Coaching and Mentoring
Siemens are in the process of implementing a mentoring scheme and we created a programme to look at the role of a 'mentee' and how to actually best use a mentor.
The mentee and the mentor
Quite early on we realised that we had to adjust the programme to incorporate both roles: the 'mentee' and the mentor.
It soon became clear to both them and us that we all have a different idea as to what a mentor is supposed to do.
We proceeded to put the responsibility on to them as to what role they wanted from their mentor and that if they chose, they could then define it for the rest of the Siemens group – after all they were the champions and pioneers of the scheme.
We can say this about Siemens (or at least the people we've met so far): they are lively, curious, enthusiastic, questioning and up for anything.
They threw themselves into our exercises whole-heartedly and the humour and sharp 'mickey-taking' added to the energy and fun of the day.
Nearly everyone we worked with had at least eight years experience in the job, successfully managing teams of people, so we weren't talking 'basics' here. High-level people deserved a high-level programme.
Nearly all the participants came from a sales background - very outcome-driven and used to determining success with tangible and measurable results.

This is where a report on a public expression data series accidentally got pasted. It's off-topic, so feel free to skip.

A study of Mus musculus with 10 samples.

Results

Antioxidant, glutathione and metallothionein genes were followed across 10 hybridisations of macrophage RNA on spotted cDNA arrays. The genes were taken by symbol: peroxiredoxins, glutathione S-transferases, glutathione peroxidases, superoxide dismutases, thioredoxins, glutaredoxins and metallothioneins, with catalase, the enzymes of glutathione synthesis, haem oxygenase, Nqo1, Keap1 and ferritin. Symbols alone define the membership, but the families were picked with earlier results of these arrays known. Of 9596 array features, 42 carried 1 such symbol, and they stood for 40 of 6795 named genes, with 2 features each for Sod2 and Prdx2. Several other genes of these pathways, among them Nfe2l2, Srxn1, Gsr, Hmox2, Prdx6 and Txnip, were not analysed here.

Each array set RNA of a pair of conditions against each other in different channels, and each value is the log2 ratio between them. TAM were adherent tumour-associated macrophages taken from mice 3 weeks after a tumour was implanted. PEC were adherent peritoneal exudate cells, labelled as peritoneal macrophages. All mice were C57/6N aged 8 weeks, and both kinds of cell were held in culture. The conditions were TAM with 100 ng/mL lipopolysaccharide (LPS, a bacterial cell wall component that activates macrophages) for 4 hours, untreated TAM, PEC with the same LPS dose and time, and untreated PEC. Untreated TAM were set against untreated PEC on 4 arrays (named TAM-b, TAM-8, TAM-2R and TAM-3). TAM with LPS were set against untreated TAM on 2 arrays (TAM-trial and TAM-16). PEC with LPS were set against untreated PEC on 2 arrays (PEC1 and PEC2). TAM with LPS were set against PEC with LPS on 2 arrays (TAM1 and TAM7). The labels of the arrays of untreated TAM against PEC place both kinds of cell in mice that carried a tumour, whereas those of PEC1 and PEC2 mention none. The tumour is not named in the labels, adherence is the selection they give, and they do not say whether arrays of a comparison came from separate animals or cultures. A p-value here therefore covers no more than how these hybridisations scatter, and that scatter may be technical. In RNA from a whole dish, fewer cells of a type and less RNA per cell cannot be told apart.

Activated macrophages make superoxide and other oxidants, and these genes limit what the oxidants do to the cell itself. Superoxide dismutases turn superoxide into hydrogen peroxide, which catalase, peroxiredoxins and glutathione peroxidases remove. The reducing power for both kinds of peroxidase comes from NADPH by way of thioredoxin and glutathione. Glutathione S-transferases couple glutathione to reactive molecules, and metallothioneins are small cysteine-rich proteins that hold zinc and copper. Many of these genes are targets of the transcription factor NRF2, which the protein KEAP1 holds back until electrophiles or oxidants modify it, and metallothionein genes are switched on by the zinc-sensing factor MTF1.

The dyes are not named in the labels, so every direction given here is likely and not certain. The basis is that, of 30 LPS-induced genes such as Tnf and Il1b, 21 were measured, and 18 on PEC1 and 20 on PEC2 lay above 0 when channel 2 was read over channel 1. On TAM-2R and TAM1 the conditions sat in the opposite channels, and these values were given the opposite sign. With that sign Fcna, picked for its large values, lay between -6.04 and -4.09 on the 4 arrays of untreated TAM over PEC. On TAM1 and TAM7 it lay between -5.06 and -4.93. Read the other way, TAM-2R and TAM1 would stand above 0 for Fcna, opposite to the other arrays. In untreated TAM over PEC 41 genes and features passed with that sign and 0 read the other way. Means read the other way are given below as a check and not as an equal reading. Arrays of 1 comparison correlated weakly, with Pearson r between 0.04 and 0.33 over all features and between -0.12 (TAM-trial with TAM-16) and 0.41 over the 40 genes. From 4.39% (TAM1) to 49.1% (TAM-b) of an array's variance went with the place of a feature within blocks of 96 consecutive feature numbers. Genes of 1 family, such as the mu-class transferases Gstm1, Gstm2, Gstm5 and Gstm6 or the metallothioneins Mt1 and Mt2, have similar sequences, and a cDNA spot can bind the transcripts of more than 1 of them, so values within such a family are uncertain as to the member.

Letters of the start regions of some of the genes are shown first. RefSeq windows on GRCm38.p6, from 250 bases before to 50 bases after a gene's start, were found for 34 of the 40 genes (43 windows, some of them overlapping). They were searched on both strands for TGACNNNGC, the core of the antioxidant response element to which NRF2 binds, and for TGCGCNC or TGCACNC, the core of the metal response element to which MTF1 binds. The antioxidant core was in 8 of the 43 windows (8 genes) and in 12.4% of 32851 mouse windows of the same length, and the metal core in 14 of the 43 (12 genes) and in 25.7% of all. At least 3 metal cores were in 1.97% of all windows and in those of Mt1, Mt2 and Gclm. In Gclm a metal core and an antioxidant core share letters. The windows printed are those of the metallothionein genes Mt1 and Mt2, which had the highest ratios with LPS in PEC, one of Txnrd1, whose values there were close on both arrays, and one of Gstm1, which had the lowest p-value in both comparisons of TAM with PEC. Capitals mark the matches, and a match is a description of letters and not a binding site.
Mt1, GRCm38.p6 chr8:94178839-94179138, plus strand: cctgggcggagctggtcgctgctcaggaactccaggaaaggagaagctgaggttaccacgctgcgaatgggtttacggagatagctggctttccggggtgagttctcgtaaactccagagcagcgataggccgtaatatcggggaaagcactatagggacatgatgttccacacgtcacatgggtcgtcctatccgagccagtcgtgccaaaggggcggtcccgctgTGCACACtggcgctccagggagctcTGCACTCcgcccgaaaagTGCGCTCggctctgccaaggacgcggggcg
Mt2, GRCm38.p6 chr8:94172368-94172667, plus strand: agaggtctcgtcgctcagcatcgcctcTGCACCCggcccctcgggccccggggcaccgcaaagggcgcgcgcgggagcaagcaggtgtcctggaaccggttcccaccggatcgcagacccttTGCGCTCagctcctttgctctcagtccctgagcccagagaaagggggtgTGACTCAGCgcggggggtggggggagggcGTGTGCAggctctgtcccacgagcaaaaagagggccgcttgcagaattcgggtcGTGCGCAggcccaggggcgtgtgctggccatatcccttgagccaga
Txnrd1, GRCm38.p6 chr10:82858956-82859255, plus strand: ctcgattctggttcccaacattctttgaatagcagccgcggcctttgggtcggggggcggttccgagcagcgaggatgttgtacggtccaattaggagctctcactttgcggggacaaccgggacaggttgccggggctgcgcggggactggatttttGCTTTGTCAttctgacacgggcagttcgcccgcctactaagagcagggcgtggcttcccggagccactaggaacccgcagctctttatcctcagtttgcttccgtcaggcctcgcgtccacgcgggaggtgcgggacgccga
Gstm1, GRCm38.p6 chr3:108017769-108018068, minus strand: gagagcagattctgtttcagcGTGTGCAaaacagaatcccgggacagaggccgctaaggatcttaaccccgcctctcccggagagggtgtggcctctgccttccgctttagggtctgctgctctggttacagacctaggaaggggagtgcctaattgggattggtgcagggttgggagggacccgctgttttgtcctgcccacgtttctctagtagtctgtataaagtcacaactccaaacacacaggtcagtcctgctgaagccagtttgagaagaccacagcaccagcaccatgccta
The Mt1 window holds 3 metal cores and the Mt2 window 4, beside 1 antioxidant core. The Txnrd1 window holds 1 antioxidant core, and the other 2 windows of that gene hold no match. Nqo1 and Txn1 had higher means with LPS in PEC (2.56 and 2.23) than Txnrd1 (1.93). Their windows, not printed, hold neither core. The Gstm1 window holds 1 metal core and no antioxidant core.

Part of the day was spent discussing the fact that the benefits from mentoring are not always immediate, tangible or measurable. However, being super-bright, they also realised that happy and 'listened to' employees work better and more efficiently – a likely 'result' will be an improvement in performance over the long-term and better job retention.
One element of the day, which was extremely effective, was our personal/communication style/what do you already have that works bit.
This is when delegates give feedback to each other on how they come across. Even though they have recently undergone a 360-degree feedback programme within Siemens, it was written not verbal. It seemed to make a huge difference to the participants to say it to each other face-to-face.
By the end of the day people had clarified the difference between managing, coaching, appraisal and mentoring.
They knew what they wanted to get from their mentors (whom they would also have to train) and how they should best proceed as mentors for their own teams.
So far our consultants have received a round of applause at the end of each programme. Siemens people are not only lively, but generous to boot!